This movie is a poor piece of film, over-hyped by critics for no other reason save that the director's father is Francis Ford Coppola. Features Bill Murray and Scarlett Johannson in Tokyo for separate reasons. Japan and the Japanese are portrayed in a poor (and stereotyping) fashion, (video games, karaoke, gadgets, and the misprounciations of "Ls" as "Rs").

    There is borderline racism in
    this movie, as the way these two lead roles act, as if lost, estranged, abandoned, or stranded on the moon surrounded by Aliens. I've been to Japan (I'm a western European) and found no such culture shock. That is really the premise that this movie is built on - culture shock of White Western people finding themselves in Japan. And that is where it fell down for me. In terms of comedy, it was billed as "Bill Murray - comedy genius - at his best." Far from it. I like Murray (Quick Change, Stripes, Caddyshack, etc.) This was just not funny, and I do not think there is any attempt for him to be funny.

    Scarlett. Well she does not do anything wrong, but does not do anything right either. All in all, a very poor script. Very poor direction. A complete lack of substance, with ignorance and racism creeping in at times.

    Such a time sink.
  2. Jul 22, 2012
    Lost in Translation is thoroughly disappointing. It appears to be pretty much universally praised, yet it's a flawed film. I'll concede that it's beautifully filmed, that Bill Murray and Scarlett Johansson give great performances and that the relationship between their two characters is sweet and endearing, as a tale of two lost souls finding a connection is always compelling. Despite these positives, the film puts forward an extremely patronising, stereotypical and borderline racist view of Japanese culture. By depicting a steady procession of carefully cherry-picked Japanese "oddities", it's almost like the film's main objective is to say "hey, come laugh at the silly Japanese, they're not like Americans at all". A recurring joke in the film is the mockery of Japanese speech pattern of the replacement of the letter r with the letter l. This gag is barely funny the first time it is used, but it is reprised four or five times throughout the film. In one of the key "comedy" scenes, Murray's character struggles to understand a heavily accented Japanese director during a photo shoot, and his mimicry of the poor man's voice to decipher each instruction isn't funny, just embarrassing, akin to the lack of logic behind an English-speaking tourist abroad raising his voice to make themselves understood to non-English speakers. To make matters even worse, the film is all-too-often slow or just plain boring. Beyond great chemistry between Murray and Johansson and striking aesthetics, the appeal of Lost in Translation is, well, lost in translation chiefly thanks to some criminal cultural insensitivity that really shouldn't be applauded in the modern world. Expand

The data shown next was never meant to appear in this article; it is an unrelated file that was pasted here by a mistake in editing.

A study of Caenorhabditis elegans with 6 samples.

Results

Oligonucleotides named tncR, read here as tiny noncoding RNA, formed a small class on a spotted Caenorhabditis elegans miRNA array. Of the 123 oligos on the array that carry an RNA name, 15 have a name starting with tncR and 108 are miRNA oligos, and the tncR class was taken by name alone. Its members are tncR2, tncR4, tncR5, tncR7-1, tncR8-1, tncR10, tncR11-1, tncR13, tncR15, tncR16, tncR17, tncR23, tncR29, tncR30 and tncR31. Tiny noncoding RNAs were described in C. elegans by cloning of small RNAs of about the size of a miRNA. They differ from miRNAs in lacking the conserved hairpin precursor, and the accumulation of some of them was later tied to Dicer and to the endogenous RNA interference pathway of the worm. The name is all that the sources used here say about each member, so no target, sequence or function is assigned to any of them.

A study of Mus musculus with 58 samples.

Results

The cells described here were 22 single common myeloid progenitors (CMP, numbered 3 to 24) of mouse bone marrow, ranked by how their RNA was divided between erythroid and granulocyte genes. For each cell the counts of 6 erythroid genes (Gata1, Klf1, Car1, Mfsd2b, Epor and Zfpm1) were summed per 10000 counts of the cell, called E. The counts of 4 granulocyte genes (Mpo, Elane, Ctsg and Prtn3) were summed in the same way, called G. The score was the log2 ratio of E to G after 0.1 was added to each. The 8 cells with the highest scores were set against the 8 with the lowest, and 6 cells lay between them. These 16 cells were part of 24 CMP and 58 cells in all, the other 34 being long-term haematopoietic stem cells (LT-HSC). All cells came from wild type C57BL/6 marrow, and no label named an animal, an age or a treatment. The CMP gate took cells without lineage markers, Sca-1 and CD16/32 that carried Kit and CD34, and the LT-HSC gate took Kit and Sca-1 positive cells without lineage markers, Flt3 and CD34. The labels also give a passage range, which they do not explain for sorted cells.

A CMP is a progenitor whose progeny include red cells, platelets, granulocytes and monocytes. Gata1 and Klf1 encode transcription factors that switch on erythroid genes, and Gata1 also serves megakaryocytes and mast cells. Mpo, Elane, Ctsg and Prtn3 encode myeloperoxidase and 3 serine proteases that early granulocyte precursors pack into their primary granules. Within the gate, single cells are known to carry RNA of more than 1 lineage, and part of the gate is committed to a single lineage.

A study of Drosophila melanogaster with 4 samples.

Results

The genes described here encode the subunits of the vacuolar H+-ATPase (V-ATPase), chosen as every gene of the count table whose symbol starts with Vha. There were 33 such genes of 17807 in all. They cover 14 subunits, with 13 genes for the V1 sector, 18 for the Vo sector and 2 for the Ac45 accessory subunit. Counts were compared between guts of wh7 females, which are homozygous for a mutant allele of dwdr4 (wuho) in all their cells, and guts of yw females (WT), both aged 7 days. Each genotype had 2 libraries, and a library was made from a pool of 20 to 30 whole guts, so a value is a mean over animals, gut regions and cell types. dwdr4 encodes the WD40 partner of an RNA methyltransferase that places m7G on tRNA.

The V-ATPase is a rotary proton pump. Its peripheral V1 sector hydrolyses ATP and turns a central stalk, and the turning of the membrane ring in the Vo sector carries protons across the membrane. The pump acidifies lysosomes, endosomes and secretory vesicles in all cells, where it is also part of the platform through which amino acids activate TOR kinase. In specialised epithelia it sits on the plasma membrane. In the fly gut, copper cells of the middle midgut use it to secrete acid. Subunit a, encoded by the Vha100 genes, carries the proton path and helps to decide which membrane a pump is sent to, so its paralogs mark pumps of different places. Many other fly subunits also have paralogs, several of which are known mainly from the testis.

3. Feb 2, 2014
    Boring, tedious, pointless: the many adjectives I can use to describe this movie. The Coppola family usually directs such great films (The Godfather!), but Sofia's slow-moving melodramatic car wreck is dumb and unintelligent with an easily forgettable script and nothing else going for it.
  4. Jan 10, 2014
    Wow, who are these critics that gave this horrible movie high marks?? Easily the worst movie I've ever had the displeasure of wasting 102 minutes of my life. How anyone can say this is 'art', or 'poetic' is beyond me. It's plain awful, only seeing the light of day cuz it's daddy Coppola's little girl. She's not following in daddy's footsteps, but he apparently owns the critics and some narcissistic moviegoers. No other possible reason for this tripe to have favorable reviews. I usually don't buy into critics, but I failed on this one. My bad. Sofia, find new work. Oh, I am so sorry I watched this movie till the end expecting it to get better!! It can't, and won't get better. Save yourselves!! Expand
  5. Feb 15, 2014
    It's reassuring to see that I'm not so alone in really hating this movie. I now know better specifically why it drove me nuts watching it. I gave it a one just because of the visuals.
    I kept waiting and waiting and waiting for something to happen. But, it didn't. I'm not an action-oriented person but this movie barely breathes...and that's supposed to be what? something worth my time?
    Thanks to all these reviewers for helping me see others saw the sublime nothingness I saw. Expand

Universal acclaim - based on 44 Critics

Critic score distribution:
  1. Positive: 42 out of 44
  2. Negative: 0 out of 44
  1. 80
    Not much happens, but Coppola is so gentle and witty an observer that the movie casts a spell. [15 September 2003, p. 100]
  2. Coppola both wrote and directed, and there’s a pleasing shapelessness to her scenes. She accomplishes the difficult feat of showing people being bored out of their skulls in such a way that we are never bored watching them.
  3. Reviewed by: David Rooney
    The film's unhurried pace will target it for discerning audiences only, but its wry humor and coolly amused observation of contemporary Japan should score with smart urbanites.